Investment bank JP Morgan has launched coverage of Comverse Technology (Nasdaq:CMVT) with a Long-Term Buy rating and $31 price target, 33% above the market.

The investment house expects Comverse to remain profitable despite the current slowdown in revenue.

JP Morgan believes that Comverse is will maintain positive cash flow, and that even excluding its $1.8 billion cash, which generates financing income, there is no danger that the company will encounter an operating loss.

In sharp contrast, investment bank Merrill Lynch had recommended selling holdings in the company, suggesting a target price of $13 for the coming year.

The JP Morgan analysts, headed by Paul Coster, believe that Comverse is under priced at a $4.4 billion market cap, compared with similar companies.

The investment house believes that the company has growth opportunities in North America and Asia, and that this growth will come from its traditional voicemail products.

The company recently announced several contracts relating to these markets, including with Verizon Wireless (NYSE:VZ), AT&T Wireless Services (NYSE:AWE), and Telecom Italia (NYSE:TI).


The bank writes that Comverse has an opportunity to displace its rivals, such as Lucent Technologies (NYSE:LU) or Unisys, or to serve as the rivals own supplier. The analysts add that Comverse has the financial capabilities to offer better terms to its customers, and to finance R&D on a larger scale than its competitors.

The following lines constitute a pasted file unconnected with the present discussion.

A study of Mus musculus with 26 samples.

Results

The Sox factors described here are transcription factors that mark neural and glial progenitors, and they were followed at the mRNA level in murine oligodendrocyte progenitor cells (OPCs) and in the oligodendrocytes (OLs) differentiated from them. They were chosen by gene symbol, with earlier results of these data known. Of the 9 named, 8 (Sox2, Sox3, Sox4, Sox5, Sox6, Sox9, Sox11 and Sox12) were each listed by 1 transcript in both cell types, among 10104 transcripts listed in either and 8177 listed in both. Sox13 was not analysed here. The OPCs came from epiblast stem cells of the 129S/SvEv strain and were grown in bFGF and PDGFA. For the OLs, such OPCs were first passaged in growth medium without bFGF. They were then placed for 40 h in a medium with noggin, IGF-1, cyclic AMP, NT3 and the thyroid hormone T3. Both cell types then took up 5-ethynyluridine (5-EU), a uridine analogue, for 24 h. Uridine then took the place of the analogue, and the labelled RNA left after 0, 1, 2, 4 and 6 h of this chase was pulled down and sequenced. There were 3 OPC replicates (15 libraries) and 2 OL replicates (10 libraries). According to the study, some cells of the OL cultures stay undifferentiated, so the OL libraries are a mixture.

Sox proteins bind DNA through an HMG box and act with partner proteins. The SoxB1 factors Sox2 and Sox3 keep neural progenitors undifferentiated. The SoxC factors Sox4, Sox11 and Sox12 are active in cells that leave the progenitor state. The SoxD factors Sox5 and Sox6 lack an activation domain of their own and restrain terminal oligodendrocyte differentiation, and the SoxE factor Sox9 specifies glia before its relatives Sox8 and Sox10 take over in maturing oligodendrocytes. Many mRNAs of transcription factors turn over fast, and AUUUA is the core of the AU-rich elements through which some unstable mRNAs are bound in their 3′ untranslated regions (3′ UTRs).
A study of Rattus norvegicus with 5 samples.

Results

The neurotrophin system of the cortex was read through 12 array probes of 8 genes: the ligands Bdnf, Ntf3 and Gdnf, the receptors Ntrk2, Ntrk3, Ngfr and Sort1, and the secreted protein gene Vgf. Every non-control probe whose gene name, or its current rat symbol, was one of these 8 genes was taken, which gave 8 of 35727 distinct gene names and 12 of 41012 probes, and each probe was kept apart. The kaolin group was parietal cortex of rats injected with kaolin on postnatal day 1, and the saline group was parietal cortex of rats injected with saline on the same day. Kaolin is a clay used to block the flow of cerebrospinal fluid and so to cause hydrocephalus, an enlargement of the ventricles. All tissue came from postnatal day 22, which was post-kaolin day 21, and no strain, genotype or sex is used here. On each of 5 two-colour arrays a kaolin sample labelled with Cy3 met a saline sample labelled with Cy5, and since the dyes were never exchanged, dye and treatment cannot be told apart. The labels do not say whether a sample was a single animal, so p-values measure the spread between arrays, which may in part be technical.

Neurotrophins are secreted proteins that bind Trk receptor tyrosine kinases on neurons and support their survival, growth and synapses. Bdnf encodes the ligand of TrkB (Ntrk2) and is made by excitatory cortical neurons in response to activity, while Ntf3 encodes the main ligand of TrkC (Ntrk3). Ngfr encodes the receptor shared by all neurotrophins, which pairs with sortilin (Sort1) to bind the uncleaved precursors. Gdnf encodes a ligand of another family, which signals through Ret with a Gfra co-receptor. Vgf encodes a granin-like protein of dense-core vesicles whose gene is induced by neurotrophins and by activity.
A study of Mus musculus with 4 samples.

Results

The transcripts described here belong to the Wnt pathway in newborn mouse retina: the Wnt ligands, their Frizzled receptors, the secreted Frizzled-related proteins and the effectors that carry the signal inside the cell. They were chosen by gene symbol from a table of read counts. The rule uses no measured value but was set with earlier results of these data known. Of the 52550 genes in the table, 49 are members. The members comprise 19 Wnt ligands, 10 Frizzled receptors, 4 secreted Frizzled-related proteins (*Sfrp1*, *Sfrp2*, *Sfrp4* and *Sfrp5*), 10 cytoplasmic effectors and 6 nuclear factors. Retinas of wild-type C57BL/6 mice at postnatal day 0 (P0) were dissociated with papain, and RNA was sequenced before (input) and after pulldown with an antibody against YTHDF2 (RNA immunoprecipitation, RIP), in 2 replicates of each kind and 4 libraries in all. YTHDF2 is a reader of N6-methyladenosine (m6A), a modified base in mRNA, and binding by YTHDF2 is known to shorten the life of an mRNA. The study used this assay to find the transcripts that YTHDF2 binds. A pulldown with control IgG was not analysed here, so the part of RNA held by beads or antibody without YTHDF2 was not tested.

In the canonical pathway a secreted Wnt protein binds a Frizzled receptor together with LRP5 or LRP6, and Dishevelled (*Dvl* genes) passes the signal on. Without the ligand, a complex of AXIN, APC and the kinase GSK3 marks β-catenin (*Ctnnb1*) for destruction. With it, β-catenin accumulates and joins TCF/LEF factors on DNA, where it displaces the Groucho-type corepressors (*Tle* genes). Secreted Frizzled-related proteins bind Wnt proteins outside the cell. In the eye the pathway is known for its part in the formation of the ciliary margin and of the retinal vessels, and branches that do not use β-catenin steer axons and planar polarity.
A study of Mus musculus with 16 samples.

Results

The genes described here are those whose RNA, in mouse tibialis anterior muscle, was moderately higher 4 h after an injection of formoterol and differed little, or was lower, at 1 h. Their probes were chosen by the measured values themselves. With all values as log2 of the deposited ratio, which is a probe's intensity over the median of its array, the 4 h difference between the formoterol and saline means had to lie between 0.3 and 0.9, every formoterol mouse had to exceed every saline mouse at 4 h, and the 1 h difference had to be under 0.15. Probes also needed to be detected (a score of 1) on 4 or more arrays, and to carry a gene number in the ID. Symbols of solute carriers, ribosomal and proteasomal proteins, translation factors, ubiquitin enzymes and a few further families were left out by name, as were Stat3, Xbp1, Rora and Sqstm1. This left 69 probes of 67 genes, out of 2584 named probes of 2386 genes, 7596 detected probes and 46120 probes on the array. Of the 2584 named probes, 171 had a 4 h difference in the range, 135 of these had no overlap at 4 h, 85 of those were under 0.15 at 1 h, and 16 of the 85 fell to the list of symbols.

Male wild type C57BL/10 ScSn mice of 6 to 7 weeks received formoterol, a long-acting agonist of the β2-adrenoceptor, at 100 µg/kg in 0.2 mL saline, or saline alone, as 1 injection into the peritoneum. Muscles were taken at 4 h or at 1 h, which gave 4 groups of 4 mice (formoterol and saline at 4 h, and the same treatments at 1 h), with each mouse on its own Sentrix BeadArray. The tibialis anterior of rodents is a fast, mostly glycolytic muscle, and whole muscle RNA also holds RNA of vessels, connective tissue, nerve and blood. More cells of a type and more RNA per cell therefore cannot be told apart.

Thus, in the first quarter of 2001, Comverse offered its customers 96 Days Sales Outstanding, 115 DSO in the second quarter, and 128 DSO in the third quarter of 2001. Only in the fourth quarter of 2002, do the analysts expect DSO to drop.

The analysts believe that the September 11 attacks on the United States had a positive effect on Comverse Infosys, which specializes in digital recordings. After revenue dropped over several quarters, Infosys has been experiencing stronger revenue since the attacks.

JP Morgan estimates that in 2001 the market in which Infosys operates came to $7.8 billion, and expects this market to rise by another 35% in 2002. Infosys' revenue came to over $30 million in the third quarter of 2001, and the analysts expect its 2002 sales will rise by 20%.

The bank is likewise encouraged by the deployment rate of 3G networks. JP Morgan believes that this will provide Comverse with a good opportunity to supply value added services, including multimedia and wireless instant messaging services.

The analysts write that unified messaging has yet to prove itself, but it is expected to gain more significant footing in 2002.

JP Morgan believes that Comverse will accelerate its growth at the end of 2002 or the beginning of 2003, at which point the general market conditions are expected to improve.